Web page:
Marine Harvest Canada and three Central Island First Nations have concluded three years of discussions intended to guide the operations of salmon aquaculture in their territories.
On Friday, the company announced in Campbell River the signing of a capacity-building agreement that requires environmentally sustainable practices, and provides economic and investment opportunities for the K’omoks, We Wai Kai and We Wai Kum bands.
“We are very pleased to start a positive relationship between Marine Harvest Canada and our people,” said Chief Ralph Dick of the Wei Wai Kai Nation in a news release.
“It’s important that we have input into how companies operate within our territory since they are already here,” added Chief Robert Pollard of the Wei Wai Kum Nation. “And the best way to have our say is to work collaboratively. This agreement provides that opportunity.”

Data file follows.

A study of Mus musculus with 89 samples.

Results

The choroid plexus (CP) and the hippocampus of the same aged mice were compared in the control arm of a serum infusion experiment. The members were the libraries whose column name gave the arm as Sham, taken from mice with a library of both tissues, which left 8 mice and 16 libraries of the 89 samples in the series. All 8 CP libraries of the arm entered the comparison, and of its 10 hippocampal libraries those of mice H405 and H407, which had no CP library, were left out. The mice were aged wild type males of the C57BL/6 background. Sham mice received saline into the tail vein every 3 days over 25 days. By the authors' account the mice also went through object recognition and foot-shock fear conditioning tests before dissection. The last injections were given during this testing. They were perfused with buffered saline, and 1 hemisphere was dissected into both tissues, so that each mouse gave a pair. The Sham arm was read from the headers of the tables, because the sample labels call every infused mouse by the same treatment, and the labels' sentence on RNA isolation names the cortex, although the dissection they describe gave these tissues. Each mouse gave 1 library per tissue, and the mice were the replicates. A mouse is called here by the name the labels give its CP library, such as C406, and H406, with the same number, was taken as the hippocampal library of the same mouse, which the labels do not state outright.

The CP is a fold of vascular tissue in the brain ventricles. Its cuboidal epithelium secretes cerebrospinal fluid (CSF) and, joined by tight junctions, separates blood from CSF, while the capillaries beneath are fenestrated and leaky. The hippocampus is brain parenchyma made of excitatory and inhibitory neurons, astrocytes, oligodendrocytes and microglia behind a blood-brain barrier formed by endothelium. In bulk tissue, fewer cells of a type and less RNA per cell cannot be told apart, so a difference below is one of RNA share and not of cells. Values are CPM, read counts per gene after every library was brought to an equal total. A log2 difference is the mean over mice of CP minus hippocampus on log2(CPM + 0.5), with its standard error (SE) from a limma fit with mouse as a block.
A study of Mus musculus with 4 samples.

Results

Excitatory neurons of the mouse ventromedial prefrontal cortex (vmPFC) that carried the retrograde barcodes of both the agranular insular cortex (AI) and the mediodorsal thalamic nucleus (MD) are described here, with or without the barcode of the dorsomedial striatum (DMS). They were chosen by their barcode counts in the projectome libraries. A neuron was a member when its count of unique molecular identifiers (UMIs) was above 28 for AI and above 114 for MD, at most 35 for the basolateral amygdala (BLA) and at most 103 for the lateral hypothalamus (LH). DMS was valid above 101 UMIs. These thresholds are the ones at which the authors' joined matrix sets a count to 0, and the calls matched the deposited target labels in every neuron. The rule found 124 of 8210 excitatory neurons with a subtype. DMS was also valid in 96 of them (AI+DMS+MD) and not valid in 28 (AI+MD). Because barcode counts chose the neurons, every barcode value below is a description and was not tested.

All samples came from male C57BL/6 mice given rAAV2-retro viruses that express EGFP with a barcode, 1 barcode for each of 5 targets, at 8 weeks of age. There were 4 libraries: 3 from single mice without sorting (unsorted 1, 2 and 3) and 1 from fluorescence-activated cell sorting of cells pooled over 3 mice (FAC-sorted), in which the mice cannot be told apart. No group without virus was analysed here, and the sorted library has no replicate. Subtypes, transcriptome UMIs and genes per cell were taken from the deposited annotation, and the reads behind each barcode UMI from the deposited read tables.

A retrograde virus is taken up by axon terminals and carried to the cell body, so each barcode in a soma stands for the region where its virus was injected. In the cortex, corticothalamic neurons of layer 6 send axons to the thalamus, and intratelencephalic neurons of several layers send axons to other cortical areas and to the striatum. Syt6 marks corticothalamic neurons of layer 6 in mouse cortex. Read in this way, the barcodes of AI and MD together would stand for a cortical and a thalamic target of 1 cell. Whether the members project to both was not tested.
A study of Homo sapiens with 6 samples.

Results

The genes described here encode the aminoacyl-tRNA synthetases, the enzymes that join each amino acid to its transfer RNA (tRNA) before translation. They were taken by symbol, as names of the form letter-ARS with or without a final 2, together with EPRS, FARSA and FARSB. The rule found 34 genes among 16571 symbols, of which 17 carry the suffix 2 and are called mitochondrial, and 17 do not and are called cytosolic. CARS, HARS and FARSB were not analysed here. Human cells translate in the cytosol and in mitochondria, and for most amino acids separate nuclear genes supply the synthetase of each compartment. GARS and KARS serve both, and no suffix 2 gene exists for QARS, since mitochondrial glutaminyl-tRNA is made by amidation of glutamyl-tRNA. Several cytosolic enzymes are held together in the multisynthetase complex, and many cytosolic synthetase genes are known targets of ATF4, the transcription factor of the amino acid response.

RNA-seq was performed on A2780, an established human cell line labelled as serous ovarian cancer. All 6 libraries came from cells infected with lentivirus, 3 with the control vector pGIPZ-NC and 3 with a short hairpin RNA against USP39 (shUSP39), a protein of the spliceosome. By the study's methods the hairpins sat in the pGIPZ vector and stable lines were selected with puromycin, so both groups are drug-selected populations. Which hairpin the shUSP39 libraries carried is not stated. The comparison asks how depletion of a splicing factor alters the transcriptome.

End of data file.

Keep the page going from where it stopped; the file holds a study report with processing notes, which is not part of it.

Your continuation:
Representatives for the K’ómoks Band declined comment about the announcement.
The signing increases the total number of agreements between Marine Harvest and coastal First Nations to 10, the company said.
“Marine Harvest recognizes the importance of working with local First Nation bands,” managing director Vincent Erenst said. “We look forward to working with our partners to ensure that our business promotes sustainability for our oceans, our economy and local communities.”
Collectively, the three bands and the company represent a significant portion of B.C.’s aquaculture production, both in terms of shellfish and salmon, the company added.
Marine Harvest Canada — B.C.’s largest producer of fresh farm-raised salmon — employs 550 staff. We Wai Kai, We Wai Kum and K’omoks First Nations represent about 2,000 members and are in the shellfish business.